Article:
Successful urethral stricture, fistula repair feasible in most cases

Managing the urethral strictures and fistulas that sometimes follow prostate cancer therapies can be intimidating, but with experience, the presentations can be resolved with high success in a near majority of patients.

Key Points

Aurora, CO-Managing the urethral strictures and fistulas that sometimes follow prostate cancer therapies can be intimidating, but with experience, the presentations can be resolved with high success in a near majority of patients, according to results of a recent study.

Study authors David Hadley, MD, and Brian Flynn, MD, reported that reconstructive success rates in resolving recto-urinary fistulas, radiation-induced cystitis, anterior urethral stricture, and obstruction ranged from 60% to 100% depending upon the initial presentation.

To arrive at these findings, the authors looked at outcomes in the hospital's prospectively maintained database of men who had undergone open reconstruction for problems that followed radical prostatectomy (open, laparoscopic, robotic), brachytherapy, external beam radiation, proton therapy, cryotherapy, and varied combinations of the preceding. They identified 37 patients who developed recto-urinary fistula (15), radiation cystitis (three), anterior urethral stricture (three), or obstruction (16).

Dr. Hadley told Urology Times that no single procedure or combination of initial approaches to prostate cancer seemed to be definitively associated with increased problematic outcomes, but a history of radiation was more likely to be predictive of reconstructive failure.

"It is less likely that you will see a urethral stricture after open or robotic surgery as compared to radiation, at least not an anterior urethral stricture. An anastomotic stricture, or bladder neck contracture, is much more likely. Although a perineal, or a combined perineal and abdominal, approach has typically been described to repair refractory or obliterative anastomotic strictures, we advocate an abdominal approach with pubectomy, as we feel continence is better preserved," said Dr. Hadley, who was a fellow in reconstructive surgery at the University of Colorado Hospital, Aurora, at the time of the study.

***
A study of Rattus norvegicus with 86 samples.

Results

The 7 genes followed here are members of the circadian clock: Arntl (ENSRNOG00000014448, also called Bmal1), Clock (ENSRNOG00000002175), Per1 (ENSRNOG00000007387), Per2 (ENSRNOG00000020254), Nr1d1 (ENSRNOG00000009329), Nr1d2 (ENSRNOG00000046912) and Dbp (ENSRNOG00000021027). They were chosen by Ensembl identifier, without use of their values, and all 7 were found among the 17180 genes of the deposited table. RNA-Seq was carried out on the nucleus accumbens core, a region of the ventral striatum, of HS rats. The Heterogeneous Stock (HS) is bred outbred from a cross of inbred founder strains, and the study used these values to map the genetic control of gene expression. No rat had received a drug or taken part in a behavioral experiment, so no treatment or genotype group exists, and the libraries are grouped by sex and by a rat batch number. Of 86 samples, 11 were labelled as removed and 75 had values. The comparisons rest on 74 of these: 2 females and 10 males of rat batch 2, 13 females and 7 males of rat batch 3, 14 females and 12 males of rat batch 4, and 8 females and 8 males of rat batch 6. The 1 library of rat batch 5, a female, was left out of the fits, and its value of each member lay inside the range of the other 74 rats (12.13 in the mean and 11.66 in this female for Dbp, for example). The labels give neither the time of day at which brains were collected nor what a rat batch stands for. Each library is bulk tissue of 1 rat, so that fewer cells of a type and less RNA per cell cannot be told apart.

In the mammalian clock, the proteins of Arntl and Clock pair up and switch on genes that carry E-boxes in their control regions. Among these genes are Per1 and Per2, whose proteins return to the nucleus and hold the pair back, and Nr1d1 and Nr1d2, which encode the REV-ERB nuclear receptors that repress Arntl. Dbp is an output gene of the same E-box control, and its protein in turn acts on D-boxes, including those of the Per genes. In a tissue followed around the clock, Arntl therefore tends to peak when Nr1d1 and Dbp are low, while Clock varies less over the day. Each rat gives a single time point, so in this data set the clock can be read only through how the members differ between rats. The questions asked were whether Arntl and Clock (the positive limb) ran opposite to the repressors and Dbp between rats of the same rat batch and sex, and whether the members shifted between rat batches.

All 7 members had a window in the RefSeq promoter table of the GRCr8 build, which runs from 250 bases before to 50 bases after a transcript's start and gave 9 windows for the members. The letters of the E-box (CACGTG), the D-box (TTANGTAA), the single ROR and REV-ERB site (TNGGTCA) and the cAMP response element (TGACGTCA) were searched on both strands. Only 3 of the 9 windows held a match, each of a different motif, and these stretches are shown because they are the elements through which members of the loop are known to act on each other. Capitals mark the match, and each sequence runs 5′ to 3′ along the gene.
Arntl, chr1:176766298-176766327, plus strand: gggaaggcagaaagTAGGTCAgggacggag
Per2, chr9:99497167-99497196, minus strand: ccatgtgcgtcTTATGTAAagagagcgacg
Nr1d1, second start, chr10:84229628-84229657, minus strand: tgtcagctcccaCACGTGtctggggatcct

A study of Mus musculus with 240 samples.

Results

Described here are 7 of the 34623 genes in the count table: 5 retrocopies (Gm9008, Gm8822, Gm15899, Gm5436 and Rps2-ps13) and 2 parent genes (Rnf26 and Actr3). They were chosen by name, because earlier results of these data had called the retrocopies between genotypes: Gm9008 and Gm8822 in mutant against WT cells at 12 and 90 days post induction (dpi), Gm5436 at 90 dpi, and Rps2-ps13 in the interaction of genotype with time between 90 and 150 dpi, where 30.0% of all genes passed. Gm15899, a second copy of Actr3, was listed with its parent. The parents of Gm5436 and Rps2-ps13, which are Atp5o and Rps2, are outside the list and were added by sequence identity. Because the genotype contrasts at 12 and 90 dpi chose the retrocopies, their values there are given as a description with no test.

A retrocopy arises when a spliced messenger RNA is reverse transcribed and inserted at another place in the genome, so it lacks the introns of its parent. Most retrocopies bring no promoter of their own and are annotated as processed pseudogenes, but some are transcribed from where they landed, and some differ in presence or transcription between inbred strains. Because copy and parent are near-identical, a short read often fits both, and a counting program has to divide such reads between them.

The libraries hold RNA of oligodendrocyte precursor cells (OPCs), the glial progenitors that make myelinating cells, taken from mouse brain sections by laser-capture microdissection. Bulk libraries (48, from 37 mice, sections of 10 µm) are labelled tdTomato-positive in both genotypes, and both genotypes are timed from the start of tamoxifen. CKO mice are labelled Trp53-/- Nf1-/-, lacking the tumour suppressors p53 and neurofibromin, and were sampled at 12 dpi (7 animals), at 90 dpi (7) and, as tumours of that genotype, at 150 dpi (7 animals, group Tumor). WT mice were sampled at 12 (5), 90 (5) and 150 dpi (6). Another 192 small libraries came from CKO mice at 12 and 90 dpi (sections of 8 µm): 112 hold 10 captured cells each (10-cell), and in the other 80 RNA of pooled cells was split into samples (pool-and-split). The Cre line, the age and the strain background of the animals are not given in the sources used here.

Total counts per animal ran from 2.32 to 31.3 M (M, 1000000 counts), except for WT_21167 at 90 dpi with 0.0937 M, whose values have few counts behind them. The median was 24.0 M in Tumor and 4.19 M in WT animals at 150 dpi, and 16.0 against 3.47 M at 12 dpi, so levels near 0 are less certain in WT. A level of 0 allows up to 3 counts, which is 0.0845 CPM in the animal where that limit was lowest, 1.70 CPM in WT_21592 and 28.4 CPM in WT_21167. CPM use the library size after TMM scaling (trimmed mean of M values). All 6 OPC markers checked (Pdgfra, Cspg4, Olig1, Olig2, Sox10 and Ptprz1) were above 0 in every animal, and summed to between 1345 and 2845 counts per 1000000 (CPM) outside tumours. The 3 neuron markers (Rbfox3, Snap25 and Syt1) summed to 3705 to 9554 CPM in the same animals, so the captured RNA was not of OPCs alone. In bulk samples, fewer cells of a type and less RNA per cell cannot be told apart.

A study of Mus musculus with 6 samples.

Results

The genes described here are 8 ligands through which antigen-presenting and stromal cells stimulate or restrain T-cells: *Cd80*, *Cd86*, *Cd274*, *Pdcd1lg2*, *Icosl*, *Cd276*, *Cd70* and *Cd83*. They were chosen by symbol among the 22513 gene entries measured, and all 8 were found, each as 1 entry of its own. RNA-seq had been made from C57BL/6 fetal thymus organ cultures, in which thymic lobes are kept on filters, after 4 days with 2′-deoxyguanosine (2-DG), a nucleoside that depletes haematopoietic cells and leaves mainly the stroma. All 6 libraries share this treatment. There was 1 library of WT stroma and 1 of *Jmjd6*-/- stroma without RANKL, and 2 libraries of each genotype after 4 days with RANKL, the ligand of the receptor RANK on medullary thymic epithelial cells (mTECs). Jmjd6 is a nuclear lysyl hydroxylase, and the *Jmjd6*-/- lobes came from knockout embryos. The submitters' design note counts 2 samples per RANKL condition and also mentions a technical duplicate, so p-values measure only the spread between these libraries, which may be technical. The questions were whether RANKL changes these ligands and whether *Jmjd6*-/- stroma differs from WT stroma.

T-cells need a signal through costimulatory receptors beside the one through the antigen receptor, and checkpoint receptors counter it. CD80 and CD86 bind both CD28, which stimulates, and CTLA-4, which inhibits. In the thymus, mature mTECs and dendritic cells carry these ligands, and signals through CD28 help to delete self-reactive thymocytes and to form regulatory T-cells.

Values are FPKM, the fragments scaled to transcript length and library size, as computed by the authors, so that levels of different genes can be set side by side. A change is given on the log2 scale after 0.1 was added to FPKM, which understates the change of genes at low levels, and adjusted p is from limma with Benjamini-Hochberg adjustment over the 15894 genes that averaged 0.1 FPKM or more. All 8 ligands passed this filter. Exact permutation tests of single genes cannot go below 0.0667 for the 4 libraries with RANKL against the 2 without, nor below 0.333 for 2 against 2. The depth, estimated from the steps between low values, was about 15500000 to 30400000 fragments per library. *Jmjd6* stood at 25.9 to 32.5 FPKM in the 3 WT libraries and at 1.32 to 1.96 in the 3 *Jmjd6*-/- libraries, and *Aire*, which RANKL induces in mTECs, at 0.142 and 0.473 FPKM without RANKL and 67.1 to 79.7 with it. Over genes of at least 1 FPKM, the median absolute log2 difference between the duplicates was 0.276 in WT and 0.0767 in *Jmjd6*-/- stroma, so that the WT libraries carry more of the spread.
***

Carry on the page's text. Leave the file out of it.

Of the 15 patients with recto-urinary fistula, four that occurred after prostatectomy underwent reconstruction. One of these reconstructive procedures failed and underwent diversion. The remaining 11 fistulas appeared after radiation treatment or cryoablation. Six of these underwent diversion and five underwent reconstruction. Two of the five reconstructions failed initially but were successfully resolved with a second reconstruction. Three patients with severe radiation cystitis underwent successful diversion. Three patients with anterior urethral stricture were successfully reconstructed.

Of the 16 cases of obstruction, 11 were vesicourethral strictures after prostatectomy and five were cases of radionecrosis secondary to radiation therapy or cryotherapy. Eight of the 11 vesicourethral strictures underwent successful reconstructive procedures, with two of the 11 requiring a second reconstruction procedure that was successful. The remaining patient, who also had adjuvant radiation, required urinary diversion. There were five cases of obstructive radionecrosis, four of which underwent successful diversions and one of which failed a reconstruction.

It was noted that the four stricture repairs that initially failed were posterior urethral repairs. Secondary procedures resolved three of these, and one went on to a diversion. In all, only three of the 24 patients who underwent reconstruction in the study failed both primary and follow-up interventions. The remaining 13 patients underwent primary urinary diversion, as it was felt their case was not amenable to reconstruction.

"These can be difficult surgeries, and each presents different problems. Anterior repairs can usually be augmented or excised with great success. Posterior strictures, however, can be significantly more difficult because of access and exposure," said Dr. Hadley, who is currently in group practice in Banning, CA.

The study emphasized that proper procedure selection-reconstruction or urinary diversion-is central to success. All factors must be weighed.

"If radiation is involved, it is necessary to understand to what extent. Many of these patients have had primary radiation treatment for their cancer or adjuvant radiation treatment for recurrence," said Dr. Hadley, who presented the findings at the 2011 AUA annual meeting in Washington.

Dr. Hadley noted that a limited number of centers see and treat these challenging cases in significant numbers and that the study, though it involved only 37 patients, was probably one of the largest and most comprehensive of its kind.